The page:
When sending an email from a ProtonMail account to another ProtonMail account, the ProtonMail server sends the destination's public key to the client. The client then encrypts the email using the given public key and sends the mail to the server to forward to the recipient, who can decrypt it with their private key.

Since ProtonMail's server only ever sees the encrypted email, and it doesn't have access to any cleartext private keys, it cannot read the email. According to ProtonMail, this means we don't need to trust the ProtonMail server to know it doesn't read the email (assuming it doesn't send malicious javascript with the client).

However, what, if anything, prevents ProtonMail's server from conducting a man in the middle attack by sending the wrong public key? If the server sends the public key corresponding to a private key they control, they could decrypt the email, then re-encrypt it with the correct public key, and send it to the intended recipient. In normal PGP the user must explicitly mark each public key as trusted, but no explicit trust is requested from the user of the ProtonMail client. So how does the ProtonMail client know to trust the public key sent by the server?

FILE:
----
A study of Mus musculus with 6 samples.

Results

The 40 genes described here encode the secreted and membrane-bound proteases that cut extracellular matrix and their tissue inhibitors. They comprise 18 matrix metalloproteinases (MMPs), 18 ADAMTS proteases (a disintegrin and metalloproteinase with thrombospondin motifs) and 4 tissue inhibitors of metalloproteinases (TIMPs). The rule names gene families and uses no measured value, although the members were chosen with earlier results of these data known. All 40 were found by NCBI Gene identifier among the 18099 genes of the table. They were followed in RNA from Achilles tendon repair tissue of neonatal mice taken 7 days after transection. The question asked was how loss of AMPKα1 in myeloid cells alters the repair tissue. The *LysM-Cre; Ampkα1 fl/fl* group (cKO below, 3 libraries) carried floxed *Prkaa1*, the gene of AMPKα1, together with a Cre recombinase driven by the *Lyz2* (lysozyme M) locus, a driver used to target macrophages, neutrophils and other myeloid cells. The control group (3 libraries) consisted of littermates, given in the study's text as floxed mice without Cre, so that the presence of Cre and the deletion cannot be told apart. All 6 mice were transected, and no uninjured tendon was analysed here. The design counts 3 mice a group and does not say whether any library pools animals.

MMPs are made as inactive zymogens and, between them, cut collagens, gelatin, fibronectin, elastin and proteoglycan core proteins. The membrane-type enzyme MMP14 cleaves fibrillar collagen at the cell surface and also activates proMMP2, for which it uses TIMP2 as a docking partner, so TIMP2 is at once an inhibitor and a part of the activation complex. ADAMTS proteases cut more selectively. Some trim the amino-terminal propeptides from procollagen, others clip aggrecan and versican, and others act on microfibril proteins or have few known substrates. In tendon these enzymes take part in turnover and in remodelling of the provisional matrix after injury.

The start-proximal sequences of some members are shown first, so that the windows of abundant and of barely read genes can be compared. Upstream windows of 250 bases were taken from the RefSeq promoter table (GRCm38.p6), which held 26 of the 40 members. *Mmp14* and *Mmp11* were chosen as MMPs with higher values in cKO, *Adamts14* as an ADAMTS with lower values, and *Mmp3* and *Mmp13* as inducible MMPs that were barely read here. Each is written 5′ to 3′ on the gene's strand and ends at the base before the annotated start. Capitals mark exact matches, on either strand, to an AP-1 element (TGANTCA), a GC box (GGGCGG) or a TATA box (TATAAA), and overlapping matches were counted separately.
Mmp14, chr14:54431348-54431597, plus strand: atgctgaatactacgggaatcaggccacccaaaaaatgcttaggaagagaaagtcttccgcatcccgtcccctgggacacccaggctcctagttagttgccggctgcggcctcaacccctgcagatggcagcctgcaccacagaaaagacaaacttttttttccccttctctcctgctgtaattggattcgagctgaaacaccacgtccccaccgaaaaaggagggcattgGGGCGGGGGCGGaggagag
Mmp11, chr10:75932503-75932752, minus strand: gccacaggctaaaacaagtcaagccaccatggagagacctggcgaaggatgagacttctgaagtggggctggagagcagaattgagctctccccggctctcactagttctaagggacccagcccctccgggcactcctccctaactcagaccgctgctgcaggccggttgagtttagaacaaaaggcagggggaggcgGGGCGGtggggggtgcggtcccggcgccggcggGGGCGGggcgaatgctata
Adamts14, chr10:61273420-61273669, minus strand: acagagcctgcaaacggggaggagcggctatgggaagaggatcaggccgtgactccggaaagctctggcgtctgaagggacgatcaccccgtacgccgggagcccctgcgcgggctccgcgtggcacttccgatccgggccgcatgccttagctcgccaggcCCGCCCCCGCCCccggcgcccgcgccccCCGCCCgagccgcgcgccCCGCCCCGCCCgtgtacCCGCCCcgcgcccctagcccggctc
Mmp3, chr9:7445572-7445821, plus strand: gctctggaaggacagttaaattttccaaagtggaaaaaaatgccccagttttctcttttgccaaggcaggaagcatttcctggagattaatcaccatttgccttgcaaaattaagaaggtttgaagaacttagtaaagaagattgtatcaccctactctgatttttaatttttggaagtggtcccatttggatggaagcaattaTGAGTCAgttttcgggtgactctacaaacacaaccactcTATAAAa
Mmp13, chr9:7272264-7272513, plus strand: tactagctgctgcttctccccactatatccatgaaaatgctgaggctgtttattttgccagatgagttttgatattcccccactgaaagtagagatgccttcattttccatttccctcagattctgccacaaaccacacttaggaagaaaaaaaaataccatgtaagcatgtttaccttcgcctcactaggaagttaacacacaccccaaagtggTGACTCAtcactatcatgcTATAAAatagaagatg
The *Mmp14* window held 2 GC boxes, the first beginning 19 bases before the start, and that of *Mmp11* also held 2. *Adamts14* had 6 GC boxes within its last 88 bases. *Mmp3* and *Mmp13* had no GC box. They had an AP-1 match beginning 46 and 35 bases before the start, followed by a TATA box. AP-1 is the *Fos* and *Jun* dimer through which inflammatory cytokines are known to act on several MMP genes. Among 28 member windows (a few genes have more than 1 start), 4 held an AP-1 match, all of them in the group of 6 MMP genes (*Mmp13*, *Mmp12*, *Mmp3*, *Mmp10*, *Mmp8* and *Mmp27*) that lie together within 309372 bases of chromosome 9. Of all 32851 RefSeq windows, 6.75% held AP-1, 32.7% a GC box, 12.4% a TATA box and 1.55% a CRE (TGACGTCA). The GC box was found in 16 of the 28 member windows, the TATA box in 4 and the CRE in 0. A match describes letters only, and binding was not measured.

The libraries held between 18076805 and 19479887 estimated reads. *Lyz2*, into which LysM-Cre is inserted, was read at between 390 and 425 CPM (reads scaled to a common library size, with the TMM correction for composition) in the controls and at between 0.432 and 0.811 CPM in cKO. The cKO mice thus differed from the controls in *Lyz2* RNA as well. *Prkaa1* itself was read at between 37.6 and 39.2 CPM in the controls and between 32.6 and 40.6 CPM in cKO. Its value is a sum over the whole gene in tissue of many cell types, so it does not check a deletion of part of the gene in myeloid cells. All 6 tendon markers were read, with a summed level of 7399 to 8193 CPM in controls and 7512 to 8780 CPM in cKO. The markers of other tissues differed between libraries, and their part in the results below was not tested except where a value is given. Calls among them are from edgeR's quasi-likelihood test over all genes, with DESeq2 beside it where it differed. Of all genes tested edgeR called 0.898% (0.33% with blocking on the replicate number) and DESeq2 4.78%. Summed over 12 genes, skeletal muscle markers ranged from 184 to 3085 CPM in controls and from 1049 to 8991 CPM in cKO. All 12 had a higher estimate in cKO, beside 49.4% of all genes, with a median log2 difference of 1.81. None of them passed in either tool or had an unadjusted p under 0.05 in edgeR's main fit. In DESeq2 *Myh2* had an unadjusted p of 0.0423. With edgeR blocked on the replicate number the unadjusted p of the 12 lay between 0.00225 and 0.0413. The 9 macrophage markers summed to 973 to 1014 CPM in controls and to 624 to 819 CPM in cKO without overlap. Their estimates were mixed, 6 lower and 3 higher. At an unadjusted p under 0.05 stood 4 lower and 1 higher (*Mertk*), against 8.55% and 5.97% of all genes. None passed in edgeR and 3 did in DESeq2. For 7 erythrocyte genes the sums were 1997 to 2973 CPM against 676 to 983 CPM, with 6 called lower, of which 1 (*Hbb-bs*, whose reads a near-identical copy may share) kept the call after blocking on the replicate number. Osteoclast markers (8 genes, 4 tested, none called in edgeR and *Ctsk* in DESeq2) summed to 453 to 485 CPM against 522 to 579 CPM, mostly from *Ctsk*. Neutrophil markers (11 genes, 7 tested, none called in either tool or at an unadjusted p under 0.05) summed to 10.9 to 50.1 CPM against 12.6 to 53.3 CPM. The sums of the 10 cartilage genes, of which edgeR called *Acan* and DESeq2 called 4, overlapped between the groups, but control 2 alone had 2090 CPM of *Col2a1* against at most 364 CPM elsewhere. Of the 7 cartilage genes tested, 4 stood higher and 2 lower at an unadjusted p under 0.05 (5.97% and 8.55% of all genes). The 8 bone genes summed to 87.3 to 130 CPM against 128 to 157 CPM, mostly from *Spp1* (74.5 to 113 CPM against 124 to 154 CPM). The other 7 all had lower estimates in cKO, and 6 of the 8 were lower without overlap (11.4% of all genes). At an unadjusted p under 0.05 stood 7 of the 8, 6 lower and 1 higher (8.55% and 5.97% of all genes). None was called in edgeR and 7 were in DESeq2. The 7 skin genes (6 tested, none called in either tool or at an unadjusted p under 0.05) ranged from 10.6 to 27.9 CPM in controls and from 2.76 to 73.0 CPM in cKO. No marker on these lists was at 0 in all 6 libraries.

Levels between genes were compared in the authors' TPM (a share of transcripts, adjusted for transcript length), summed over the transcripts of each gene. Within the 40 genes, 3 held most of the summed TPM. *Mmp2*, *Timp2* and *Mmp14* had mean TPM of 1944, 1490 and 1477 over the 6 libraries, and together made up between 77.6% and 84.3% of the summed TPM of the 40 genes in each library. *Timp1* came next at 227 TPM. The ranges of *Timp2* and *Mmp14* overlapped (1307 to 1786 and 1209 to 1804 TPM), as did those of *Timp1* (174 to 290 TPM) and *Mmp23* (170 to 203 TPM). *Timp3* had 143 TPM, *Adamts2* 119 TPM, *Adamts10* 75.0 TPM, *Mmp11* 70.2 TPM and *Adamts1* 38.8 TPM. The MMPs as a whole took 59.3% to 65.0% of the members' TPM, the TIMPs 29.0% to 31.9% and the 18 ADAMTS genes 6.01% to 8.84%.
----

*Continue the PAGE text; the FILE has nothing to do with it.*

• $\begingroup$ @kelalaka That's interesting, it seems like they planned to add an opt in for manual key trusting. I'll have to look in to that. But I wonder if there's more up to date info, considering some of the plans mentioned in that post seemed to never have never come to fruition, e.x. a desktop client. $\endgroup$ – Vaelus Apr 27 at 23:23
  • $\begingroup$ @kelalaka: The text that your refer does not actually answer the question. They don't explain how it works. $\endgroup$ – mentallurg Apr 28 at 3:22

ProtonMail does not transparently solve this problem. By default, the client has no way to know if the server has provided the correct public key, it just implicitly trust keys sent by the server. Therefore, by default the client has no way to protect against man in the middle attacks from the ProtonMail server.

However There is an option to turn on manual trusting of keys, "Settings > Security > Address Verification (optional) > Prompt to trust keys". In this case, when encountering an unknown public key, the ProtonMail client will notify the user that the key is not trusted, and prompt them to "pin" the key. Keys must be pinned, per contact. Messages to contacts without pinned keys will be sent using keys from the ProtonMail server.

A pinned key is stored locally the client, and (presumably) encrypted and sent to the server, so it can be used from other devices when decrypted with the user's password. The client will always use the pinned key to encrypt messages for the corresponding address, and it will display an error if a message received from that address isn't signed with the correct key. It up to the user to verify that the key is correct, like in normal PGP.